I’m all about the words on the page. But sometimes it’s good to do something a bit different.
So a couple of Fridays ago I spent the morning running a presentation workshop for 2nd and 3rd years at the Bartlett. In a couple of weeks’ time they would have 12 minutes to present their projects to the examining panel, and I had two hours to help them make the most of those 12 crucial minutes.
So much of presenting, like writing, is telling a good story. It’s about having a clear structure – a beginning, middle and end, and taking your audience on a journey. It’s about finding common ground with your audience and leaving them inspired.
Presenting to clients is just like presenting to examiners, if slightly less scary. So here’s my 3-step plan for anyone who wants to get their audience on board and tell them a really good story. You could be talking about a specific project or something else entirely (and I’ve used the word ‘project’ below to mean whatever you want it to mean).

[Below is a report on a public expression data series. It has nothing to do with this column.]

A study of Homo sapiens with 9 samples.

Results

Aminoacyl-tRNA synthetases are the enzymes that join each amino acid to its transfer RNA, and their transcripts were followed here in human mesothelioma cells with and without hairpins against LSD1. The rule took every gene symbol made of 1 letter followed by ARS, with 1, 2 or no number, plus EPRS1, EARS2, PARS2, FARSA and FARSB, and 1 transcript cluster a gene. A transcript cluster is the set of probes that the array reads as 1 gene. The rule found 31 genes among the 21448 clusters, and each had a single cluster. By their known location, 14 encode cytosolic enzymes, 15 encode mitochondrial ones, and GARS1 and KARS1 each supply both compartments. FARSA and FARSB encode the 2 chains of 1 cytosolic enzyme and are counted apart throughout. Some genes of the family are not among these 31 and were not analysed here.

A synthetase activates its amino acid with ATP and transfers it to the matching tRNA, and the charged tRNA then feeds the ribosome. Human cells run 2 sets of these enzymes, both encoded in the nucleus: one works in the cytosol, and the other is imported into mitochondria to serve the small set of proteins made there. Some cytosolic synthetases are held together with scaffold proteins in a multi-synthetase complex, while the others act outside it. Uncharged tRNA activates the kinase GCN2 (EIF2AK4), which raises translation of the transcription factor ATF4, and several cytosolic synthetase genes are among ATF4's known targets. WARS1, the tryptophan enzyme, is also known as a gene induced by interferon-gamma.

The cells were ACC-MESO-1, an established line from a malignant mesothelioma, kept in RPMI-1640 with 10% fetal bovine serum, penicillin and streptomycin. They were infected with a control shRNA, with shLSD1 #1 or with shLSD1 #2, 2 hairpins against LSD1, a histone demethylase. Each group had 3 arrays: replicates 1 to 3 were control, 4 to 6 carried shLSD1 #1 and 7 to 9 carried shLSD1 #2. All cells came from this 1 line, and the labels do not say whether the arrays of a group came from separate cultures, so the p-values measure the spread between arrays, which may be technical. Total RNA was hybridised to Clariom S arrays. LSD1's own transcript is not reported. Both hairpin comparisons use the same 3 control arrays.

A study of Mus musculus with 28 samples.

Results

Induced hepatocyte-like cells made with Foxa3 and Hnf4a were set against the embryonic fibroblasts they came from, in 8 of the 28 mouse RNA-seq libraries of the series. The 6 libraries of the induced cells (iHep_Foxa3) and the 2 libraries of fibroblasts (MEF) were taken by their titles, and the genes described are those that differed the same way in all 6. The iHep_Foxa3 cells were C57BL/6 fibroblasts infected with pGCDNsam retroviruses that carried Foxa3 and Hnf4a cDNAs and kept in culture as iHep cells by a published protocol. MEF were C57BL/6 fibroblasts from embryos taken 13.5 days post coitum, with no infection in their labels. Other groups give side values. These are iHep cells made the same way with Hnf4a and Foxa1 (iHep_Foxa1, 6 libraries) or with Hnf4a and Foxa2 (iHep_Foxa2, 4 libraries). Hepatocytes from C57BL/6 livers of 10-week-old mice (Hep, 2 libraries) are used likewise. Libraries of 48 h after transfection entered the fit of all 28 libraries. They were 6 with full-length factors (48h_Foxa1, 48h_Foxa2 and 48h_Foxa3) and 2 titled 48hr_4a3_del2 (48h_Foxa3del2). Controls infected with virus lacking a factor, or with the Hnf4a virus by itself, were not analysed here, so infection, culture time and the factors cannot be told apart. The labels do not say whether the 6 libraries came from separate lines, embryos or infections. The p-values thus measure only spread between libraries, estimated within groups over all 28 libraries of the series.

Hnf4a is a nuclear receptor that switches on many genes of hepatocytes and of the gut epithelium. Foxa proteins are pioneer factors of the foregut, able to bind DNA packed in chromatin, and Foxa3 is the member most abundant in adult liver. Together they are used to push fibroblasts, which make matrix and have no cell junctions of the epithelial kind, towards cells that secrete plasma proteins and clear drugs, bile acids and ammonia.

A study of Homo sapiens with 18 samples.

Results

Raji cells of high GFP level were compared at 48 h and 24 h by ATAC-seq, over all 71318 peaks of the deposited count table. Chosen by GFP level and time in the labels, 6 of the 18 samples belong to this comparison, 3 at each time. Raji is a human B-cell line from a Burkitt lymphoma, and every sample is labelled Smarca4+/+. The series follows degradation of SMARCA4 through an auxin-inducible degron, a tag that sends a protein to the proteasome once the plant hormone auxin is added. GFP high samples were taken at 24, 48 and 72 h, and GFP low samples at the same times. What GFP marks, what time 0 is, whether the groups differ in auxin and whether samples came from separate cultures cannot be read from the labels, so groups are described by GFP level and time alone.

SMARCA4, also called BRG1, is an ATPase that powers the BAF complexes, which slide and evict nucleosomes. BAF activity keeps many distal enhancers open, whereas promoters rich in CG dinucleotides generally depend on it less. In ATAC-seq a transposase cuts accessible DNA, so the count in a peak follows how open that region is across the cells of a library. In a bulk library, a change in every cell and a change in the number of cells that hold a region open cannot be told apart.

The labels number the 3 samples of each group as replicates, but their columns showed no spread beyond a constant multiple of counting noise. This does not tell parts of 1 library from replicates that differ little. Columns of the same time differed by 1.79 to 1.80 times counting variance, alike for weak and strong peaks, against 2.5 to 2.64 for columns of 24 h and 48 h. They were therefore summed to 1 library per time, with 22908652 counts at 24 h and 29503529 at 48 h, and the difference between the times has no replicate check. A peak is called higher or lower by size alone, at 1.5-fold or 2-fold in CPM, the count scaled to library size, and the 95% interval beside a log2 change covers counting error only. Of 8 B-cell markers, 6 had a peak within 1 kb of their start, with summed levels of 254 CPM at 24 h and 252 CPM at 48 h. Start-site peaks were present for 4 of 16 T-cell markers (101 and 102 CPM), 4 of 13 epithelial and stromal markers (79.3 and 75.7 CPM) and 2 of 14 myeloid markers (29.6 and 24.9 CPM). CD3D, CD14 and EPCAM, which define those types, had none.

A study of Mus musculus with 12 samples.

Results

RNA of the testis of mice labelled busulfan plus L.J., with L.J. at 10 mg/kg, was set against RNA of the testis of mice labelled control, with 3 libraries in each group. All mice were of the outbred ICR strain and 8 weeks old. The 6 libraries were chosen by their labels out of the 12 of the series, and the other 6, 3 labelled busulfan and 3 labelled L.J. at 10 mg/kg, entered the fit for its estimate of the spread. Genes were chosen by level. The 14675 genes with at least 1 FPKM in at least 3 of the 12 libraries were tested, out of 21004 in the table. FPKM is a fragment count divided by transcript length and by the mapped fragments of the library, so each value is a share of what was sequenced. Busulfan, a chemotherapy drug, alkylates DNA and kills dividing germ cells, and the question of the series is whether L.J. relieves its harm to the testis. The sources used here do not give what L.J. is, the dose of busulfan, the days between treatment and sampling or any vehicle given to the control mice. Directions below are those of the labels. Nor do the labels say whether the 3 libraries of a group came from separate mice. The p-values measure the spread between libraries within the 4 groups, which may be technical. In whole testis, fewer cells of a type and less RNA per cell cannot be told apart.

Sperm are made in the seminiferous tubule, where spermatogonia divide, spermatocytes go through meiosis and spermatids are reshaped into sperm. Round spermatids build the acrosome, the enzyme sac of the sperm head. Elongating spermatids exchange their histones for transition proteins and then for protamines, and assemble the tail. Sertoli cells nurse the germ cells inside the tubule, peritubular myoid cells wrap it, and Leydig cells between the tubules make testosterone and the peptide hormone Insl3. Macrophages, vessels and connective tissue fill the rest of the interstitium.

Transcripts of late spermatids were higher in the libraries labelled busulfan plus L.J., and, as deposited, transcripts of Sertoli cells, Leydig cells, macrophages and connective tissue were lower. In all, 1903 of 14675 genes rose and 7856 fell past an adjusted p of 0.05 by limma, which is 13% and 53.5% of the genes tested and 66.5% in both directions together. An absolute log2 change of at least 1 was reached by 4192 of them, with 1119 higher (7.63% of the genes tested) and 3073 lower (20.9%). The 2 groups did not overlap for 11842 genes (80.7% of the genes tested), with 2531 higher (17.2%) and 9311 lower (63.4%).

Start with a wider issue. This will give you a way of finding common ground with your audience and stepping back from your project.
You could phrase the wider issue as a rhetorical question. That’s a good way of encapsulating it and engaging your audience.
Carry the story forward by zooming in from the wider issue to your project.
But don’t just describe it – this is about showing the relevance and significance of your project, what it ‘means’ rather than what it ‘is’.
Zoom out again by allowing the project to unlock your sense of purpose.
Does your project come out of one of the reasons you chose to study architecture/be an architect? Does it show how strongly you feel about the wider issue?
Elevate your theme to another level by showing your audience how much it means to you, and therefore how much it should mean to them.
Presenting was, I admit, not my usual theme for a workshop, but here is the very wise Martyn Evans in bdonline.co.uk:
‘An average presentation training skills course will teach you how to stand, breathe and make eye contact with your audience. A good one will teach you how to research, construct, write and tell a story first. Writing a good story is 80% of the job; telling it is the rest.’
So perhaps presenting is my thing, after all. And if you’re ever in front of an audience rather than a blank page, I trust this might be helpful.